17 July 2020


The euro is one of the newest currencies globally, notwithstanding the issuance of numerous cryptocurrencies over the past decade. Even though financial markets have dealt with the euro since the start of 1999, it was not until January 2002 that notes and coins were brought into circulation. Initially, the currency bloc had 11 participating members, but it has since grown to include 19 members. The establishment of a new joint currency brought with it a need for greater co-operation between individual member state central banks, and the establishment of the European Central Bank (ECB).

Before its citizens held any banknotes, the euro initially depreciated on the financial markets versus the US dollar. The US dollar had, at that time, been widely accepted as the only credible reserve currency, given its global usage and ease of access to US dollar funding. The euro, which was the main currency used by 343 million citizens at the end of 2019, was potentially another viable contender. From 2002 to 2008, the euro appreciated versus the US dollar. The reduction in foreign exchange transaction costs, increased comparability between member states, and lower funding costs for the fiscally weaker members of the Eurozone, supported economic activity. However, soon after the global financial crisis (GFC), the shaky foundations of the currency became apparent.

Southern European countries saw an economic boom in the early days of the euro's introduction, given a single currency boosted holiday activity, and reduced borrowing costs for infrastructure to support this level of increased activity. This was caused, to a large degree, by its wealthier Northern neighbours. As households cut back expenditures globally following the financial crisis, Southern European states found themselves in a precarious situation. With a large drop in economic activity, unemployment soared and house prices collapsed. The way the euro has been constructed meant they were unable to benefit from a weaker currency to offset these effects, as Germany continued to export cars to fast growing China, thus supporting the strength of the euro. This resulted in years of austerity and eventually resulted in the Eurozone sovereign debt crisis, with Greece subject to rescue packages from the so-called "Troika" (the European Commission, European Central Bank and the International Monetary Fund). Talks of Greece leaving the euro raised further questions regarding the longer-term viability of the currency. The problem is that, whilst there was a monetary union, there was no centralised fiscal authority, and the ECB's policy was constrained between the needs of various member states. President Draghi, the ECB president in 2012, vowed then to do "whatever it takes" to protect the euro.

Whilst this notion was gallant, the ability to execute this policy was initially impaired. Unlike the US Federal Reserve and the Bank of England, the ECB did not buy sovereign debt at the height of the GFC and Eurozone debt crisis, as there was difficulty in determining what it could buy, and to what degree, given the lack of common Eurozone debt. Eventually, in 2015, the ECB figured out a way to buy sovereign bonds across the Eurozone, but the mechanism had to be tweaked to satisfy the more frugal nations. Sovereign bonds (that is, bonds issued by the government) would be repurchased by each nation's respective central bank, but financed by the ECB. The terms were such that the ECB would be subject to only limited losses, as any losses on the bonds repurchased would be shared with the respective nation's central bank. In addition, the proportion of bonds bought would reflect the amount of capital each member state provided to the ECB, also known as the "capital key". Whilst investors applauded this shift, resulting in much lower sovereign debt funding costs, the lack of real debt mutualisation still lingered. In addition, political populism in the likes of Italy, saw renewed threats of member states leaving the Eurozone altogether.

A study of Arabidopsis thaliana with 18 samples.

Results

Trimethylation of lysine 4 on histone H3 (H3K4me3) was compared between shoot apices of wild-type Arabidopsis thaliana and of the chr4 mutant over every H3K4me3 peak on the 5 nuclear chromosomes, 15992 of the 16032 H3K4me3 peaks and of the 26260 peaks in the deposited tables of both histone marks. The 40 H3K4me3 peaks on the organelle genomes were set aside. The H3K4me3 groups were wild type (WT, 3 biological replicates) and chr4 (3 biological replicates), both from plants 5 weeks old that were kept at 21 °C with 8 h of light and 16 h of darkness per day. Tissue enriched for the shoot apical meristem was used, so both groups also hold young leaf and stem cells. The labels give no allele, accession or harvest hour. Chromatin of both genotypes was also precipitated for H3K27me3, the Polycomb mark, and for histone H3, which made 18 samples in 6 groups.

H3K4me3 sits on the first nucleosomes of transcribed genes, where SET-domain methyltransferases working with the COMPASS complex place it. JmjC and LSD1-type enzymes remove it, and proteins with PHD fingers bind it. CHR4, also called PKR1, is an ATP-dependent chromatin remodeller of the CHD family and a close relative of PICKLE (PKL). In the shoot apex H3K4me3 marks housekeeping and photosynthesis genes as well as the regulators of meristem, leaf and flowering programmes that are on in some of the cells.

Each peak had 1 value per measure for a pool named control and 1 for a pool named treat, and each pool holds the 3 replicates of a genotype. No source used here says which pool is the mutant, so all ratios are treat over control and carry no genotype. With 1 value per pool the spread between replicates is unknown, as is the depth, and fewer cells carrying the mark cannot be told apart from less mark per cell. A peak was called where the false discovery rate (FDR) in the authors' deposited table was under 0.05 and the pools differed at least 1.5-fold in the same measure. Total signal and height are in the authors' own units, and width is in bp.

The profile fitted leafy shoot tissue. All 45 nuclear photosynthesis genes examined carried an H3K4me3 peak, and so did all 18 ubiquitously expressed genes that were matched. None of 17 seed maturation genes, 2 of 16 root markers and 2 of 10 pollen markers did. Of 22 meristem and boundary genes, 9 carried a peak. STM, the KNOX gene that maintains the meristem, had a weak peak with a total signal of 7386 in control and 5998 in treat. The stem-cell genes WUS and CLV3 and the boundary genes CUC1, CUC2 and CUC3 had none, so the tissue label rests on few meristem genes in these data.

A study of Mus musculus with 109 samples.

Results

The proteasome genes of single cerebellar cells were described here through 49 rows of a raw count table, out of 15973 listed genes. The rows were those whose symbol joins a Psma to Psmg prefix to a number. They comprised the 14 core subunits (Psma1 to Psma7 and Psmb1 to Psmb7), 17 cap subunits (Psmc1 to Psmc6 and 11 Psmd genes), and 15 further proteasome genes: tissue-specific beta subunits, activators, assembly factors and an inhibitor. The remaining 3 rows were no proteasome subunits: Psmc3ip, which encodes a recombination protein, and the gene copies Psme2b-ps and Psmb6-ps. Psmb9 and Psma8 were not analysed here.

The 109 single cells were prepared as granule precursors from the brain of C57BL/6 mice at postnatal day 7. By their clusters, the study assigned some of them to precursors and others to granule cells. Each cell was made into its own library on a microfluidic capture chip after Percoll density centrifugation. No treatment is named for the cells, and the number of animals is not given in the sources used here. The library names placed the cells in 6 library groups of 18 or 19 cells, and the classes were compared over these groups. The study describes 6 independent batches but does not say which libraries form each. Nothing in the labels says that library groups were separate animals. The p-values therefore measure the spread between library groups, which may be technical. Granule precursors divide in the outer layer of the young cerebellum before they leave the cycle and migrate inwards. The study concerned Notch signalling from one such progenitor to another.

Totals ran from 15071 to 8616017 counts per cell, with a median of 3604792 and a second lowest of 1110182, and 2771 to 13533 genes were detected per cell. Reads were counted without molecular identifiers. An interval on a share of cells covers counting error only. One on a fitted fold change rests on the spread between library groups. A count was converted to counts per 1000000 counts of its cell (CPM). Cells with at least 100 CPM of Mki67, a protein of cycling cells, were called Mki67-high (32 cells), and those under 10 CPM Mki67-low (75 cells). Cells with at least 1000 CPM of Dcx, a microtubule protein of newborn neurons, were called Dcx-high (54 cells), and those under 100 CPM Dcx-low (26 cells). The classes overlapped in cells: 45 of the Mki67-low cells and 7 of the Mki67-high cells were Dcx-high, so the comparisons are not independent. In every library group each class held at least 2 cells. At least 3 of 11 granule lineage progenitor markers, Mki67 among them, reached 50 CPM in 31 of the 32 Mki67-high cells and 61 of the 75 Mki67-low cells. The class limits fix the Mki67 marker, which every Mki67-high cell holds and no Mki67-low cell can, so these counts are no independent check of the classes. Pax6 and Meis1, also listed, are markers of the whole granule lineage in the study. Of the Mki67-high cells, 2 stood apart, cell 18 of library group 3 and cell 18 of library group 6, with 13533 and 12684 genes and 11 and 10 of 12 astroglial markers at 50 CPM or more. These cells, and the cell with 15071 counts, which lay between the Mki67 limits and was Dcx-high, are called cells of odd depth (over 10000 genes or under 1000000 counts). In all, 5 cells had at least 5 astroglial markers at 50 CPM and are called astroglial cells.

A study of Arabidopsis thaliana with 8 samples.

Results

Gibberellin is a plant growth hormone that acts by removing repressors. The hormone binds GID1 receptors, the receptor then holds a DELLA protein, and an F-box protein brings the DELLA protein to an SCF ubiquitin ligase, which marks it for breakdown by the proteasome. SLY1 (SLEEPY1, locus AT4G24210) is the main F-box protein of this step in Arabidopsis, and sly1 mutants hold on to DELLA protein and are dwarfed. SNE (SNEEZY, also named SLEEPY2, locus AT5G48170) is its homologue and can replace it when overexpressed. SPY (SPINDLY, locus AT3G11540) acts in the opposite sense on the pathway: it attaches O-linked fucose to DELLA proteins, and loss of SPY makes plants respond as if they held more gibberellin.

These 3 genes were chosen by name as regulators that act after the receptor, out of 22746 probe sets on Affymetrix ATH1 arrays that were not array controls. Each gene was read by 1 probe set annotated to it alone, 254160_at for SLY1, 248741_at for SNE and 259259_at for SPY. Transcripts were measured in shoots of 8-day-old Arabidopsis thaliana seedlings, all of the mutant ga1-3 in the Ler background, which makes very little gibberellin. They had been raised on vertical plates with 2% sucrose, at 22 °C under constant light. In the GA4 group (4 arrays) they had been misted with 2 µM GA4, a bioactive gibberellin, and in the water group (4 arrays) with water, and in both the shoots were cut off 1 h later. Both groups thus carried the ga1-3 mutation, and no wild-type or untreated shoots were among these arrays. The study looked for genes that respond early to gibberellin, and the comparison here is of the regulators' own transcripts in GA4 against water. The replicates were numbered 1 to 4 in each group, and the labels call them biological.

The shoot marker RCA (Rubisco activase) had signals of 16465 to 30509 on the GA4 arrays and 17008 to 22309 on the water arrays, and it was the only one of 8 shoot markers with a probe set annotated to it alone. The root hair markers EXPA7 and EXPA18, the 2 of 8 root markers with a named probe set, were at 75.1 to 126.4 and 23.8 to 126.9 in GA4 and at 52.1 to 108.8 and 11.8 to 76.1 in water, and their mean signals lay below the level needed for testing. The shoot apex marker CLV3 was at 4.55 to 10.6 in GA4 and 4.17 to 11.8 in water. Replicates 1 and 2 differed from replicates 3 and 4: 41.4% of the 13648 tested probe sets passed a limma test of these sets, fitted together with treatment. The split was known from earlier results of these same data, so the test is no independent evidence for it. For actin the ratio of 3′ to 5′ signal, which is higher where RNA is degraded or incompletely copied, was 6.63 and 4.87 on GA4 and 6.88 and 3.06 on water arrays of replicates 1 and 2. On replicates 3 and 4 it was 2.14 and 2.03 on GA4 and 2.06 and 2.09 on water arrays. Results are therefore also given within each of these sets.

With this backdrop, it is not difficult to understand that whilst investors were keen on the euro as a reserve currency in the early days, the experience following the GFC has dented this view. So why is all this relevant today, especially given that the ECB has once again increased asset purchases to support the Eurozone through the pandemic?

Earlier this week, the European Union finally approved a €750bn package of grants and low interest rate loans. The debate was around the split between the two, with €390bn of grants (versus the initial €500bn proposition) and €360bn of loans eventually agreed. This package will be funded by bonds issued by the European Commission. The package will primarily benefit the Southern European states, the ones hit hardest by the pandemic. A qualified majority will oversee the disbursements, thus mitigating the problem of a lone dissenter scuppering its implementation. Even though this package came after much dither and delay, the fact that the EU is about to embark on a fiscal mutualisation of this scale, and seeks to counter balance the economic divergence between countries, marks a significant step forward for the European Union and for the euro. This change may cause investors to reassess their view on the viability of the Euro and economic prospects for the wider European Union.